The Royal Institution of Chartered Surveyors (Rics) said its latest survey of members shows a “climate of uncertainty” lies ahead for the UK’s housing market.
It said new stamp duty changes which have made the tax more expensive for buy-to-let investors, the EU referendum and forthcoming devolved elections are all behind this expectation.
These factors have been most strongly felt in central London, where 38% more surveyors expect to see house prices fall than rise over the next three months.
For the first time since 2008, expectations for house sales in the near term have turned negative, the survey for March found.
Across the UK, a balance of 2% more surveyors expect to see house sales fall rather than rise over the coming months.
Confidence around house price inflation has also dampened with a net balance of 17% of surveyors across the survey expecting to see prices increase rather than fall over the next three months, down from a balance of 44% in December.
In the longer term, with the supply of homes on the market still tight, property values are predicted to be still heading firmly upwards. House prices are expected to increase by nearly 25% over the next five years.
And over the next 12 months, house sales are projected to increase across all parts of the country.
London, the South East and East Anglia tend to be seen as over-priced to some extent by surveyors, while Wales and Scotland appear to be the most reasonably-priced housing markets currently, the survey found.
Estate agents recently reported dealing with a bottleneck of buy-to-let investors rushing to beat the April 1 deadline for a three percentage point stamp duty increase that was imposed on that sector. Some investors will have brought forward house purchases which may otherwise have taken place later this year.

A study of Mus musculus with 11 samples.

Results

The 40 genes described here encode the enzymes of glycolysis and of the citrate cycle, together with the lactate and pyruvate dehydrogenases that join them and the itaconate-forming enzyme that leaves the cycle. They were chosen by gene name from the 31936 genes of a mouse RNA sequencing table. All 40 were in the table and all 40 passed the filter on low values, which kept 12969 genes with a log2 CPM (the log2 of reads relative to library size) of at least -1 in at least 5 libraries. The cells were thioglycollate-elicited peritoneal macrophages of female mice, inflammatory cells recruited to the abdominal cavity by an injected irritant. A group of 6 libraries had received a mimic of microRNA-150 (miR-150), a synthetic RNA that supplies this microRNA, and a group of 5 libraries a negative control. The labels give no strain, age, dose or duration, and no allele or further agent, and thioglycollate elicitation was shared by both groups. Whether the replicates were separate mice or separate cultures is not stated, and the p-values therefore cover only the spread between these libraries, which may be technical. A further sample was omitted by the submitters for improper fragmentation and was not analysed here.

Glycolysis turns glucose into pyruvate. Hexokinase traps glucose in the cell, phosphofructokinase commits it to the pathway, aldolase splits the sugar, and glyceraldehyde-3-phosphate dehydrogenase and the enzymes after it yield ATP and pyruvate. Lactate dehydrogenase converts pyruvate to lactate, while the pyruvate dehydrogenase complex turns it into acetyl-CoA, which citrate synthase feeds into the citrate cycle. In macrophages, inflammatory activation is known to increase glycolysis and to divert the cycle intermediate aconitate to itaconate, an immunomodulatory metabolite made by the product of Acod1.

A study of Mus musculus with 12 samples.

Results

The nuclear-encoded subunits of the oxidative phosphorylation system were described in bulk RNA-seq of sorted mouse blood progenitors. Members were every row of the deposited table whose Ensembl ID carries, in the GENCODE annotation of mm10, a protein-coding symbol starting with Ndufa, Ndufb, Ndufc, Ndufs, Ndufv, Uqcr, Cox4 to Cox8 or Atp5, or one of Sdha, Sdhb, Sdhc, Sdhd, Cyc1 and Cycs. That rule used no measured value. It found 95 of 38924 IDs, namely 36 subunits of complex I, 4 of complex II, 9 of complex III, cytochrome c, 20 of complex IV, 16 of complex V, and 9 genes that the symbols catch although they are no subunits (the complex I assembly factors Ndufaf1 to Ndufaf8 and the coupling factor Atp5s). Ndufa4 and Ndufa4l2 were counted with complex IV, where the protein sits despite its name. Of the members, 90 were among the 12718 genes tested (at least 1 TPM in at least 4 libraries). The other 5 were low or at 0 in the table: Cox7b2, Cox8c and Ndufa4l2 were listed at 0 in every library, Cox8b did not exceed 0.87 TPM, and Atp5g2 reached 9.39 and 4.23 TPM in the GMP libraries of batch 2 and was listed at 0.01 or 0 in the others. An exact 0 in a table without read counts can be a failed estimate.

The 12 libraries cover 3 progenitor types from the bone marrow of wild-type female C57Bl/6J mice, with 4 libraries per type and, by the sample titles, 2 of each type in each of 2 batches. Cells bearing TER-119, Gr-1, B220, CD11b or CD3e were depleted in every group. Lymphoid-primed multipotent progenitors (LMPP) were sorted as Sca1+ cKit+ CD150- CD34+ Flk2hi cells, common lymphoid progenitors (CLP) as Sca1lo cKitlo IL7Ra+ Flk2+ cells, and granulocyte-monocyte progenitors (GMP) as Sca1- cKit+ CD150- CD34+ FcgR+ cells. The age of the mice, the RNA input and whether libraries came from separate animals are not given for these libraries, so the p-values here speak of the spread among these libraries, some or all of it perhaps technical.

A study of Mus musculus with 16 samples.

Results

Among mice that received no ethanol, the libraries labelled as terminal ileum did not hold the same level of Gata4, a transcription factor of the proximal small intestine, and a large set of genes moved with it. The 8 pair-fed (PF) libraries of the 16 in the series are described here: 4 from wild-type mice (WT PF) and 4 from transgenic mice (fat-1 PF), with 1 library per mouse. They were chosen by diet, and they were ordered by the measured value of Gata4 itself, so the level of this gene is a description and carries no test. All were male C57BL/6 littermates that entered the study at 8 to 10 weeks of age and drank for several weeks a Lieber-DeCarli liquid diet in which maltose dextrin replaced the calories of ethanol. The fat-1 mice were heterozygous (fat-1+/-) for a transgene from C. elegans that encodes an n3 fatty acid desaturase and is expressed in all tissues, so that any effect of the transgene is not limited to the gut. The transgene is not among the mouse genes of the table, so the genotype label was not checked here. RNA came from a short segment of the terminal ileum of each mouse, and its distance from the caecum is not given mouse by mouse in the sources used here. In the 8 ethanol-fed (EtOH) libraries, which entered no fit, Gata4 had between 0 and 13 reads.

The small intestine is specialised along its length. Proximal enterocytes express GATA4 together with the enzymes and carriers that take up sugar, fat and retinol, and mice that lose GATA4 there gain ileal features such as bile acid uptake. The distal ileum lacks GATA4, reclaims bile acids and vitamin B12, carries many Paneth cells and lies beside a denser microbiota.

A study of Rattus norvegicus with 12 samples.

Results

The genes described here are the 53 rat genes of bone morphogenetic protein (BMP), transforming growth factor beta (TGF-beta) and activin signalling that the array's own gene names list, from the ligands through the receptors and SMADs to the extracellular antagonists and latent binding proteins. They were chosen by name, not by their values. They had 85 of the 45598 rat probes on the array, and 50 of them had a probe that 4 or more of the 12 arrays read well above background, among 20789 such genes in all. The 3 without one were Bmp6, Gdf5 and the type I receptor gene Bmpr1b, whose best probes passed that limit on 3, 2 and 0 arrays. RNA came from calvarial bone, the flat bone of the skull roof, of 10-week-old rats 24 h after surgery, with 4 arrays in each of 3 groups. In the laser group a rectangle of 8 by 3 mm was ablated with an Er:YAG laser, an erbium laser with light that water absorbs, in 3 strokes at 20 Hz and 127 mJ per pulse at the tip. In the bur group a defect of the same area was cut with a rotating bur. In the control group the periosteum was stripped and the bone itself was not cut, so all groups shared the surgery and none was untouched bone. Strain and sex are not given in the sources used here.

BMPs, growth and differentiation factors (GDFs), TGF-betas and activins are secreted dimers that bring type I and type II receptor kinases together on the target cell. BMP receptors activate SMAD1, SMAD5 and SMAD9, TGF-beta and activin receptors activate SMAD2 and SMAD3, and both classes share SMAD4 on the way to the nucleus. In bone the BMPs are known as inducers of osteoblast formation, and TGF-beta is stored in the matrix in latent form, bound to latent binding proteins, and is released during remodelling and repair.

A Bank of England survey of lenders has found demand for buy-to-let borrowing is expected to fall “significantly” in the coming months.
Simon Rubinsohn, chief economist at Rics, said: “As expected, the buy-to-let rush has now run its course, and as a natural result, the market is starting to slow.
“But there are other significant factors that are currently weakening short term confidence in the UK property market.
“Elections inevitably bring with them periods of uncertainty in the market, and our figures would suggest that next May’s devolved elections are no exception.
“Likewise, the EU referendum, is likely to be an influencer in terms of the damper outlook for London in particular.”
Mr Rubinsohn continued: “However, all indications suggest that whatever the outcome of the forthcoming elections and referendum, in the long term, the imbalance between demand and supply will still exert a strong influence on the market, with house prices expected to rise by close to 25% over the next five years.”
The survey quoted Ian Perry, of Gloucestershire-based estate agent Perry Bishop and Chambers, who said: “We were very busy leading up to stamp duty changes. The Brexit debate may slow the market in the next couple of months.”
David Lewis, of West Devon and East Cornwall estate agents, said: “We had a better than expected start to the year, with a good level of transactions, but are starting to see concerns relating to a Brexit.”